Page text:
Four years later, children still traumatized by Katrina

By Trang Pham-Bui - bio | email

BILOXI, MS (WLOX) - "My sister, who's going through a divorce," one counselor said, as she posted a name on a poster board.

"We lost our mom about three years right before Katrina, so she's just lost right now," another counselor said about her sister.

On Thursday, mental health counselors and social workers in the Biloxi School District learned to share personal thoughts about the people in their lives who are going through tough times. The exercises gave them a new perspective about their role in helping children cope with the lingering pain from Katrina.

"I can't save every child. I can't fix everything, so remembering that," said a counselor.

"Allow yourself to think about what is this triggering in you," said Dr. Naomi Baum.

Baum is the director of the training program, called "Project Resilience."  The Mental Health Association of Mississippi started the program in 2006.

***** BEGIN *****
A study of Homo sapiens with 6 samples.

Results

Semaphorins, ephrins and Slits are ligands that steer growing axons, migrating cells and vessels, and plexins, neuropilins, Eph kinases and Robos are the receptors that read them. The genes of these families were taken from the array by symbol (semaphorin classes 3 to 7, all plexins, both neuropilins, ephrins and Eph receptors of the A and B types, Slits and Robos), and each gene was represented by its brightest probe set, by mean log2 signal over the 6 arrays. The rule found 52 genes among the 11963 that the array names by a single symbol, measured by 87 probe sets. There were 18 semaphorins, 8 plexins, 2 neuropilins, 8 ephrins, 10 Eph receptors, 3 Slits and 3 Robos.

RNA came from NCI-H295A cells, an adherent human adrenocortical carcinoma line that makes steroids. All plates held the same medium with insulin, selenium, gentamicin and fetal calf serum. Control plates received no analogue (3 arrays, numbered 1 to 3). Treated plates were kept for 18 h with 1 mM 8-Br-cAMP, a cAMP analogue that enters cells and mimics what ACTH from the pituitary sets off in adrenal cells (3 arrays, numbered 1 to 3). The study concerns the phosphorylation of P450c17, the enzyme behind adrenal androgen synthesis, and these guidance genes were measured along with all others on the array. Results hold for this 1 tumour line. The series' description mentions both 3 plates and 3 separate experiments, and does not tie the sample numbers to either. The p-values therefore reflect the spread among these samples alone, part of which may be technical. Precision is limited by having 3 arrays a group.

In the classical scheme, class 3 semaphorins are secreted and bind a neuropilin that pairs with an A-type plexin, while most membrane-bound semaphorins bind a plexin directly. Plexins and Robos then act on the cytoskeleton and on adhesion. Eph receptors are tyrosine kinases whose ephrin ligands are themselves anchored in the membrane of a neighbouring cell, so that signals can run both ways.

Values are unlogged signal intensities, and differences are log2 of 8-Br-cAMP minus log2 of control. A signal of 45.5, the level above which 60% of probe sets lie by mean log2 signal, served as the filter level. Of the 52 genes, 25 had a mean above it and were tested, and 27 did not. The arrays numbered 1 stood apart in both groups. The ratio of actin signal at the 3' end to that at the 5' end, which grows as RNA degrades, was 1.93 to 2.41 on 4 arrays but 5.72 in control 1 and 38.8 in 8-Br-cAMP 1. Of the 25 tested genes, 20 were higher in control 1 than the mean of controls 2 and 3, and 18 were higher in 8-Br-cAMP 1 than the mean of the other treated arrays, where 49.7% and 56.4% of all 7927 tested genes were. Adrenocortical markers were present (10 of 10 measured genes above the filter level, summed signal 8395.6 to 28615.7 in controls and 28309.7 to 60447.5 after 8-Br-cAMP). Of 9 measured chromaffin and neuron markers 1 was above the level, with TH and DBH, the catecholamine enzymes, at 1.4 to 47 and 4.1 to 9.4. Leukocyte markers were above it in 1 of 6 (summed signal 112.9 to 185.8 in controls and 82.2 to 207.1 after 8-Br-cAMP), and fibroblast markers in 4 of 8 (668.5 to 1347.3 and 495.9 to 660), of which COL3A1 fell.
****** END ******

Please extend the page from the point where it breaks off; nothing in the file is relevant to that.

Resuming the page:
"When teachers reflect about how they're doing, they're able to open up their ears and listen to kids," said Dr. Baum.

Baum is from Israel and has worked with children there who have been traumatized by violence and disasters.  She has trained social workers, school nurses, and counselors across Harrison County.  She made her seventh trip to the gulf coast this week, to continue the training and share plans to expand the program.

"I think we have certainly left our mark. We've trained over 100 trainers and they are in all different walks of life here working with children on the gulf coast," said Baum.

Phase I of Project Resilience is now coming to an end, and the director is ready to launch Phase II. However, she needs to raise at least $850,000.  The money would be used to hire additional mental health experts to go into the schools to screen children for emotional problems.

"What we hope to do is train local mental health professionals to do in-school group treatments with those children, so they can go on with their lives and won't suffer the after effects," said Baum.

The first phase of the program has been funded by the United Jewish Communities. If additional funding is in place, the director hopes to start phase two sometime in December.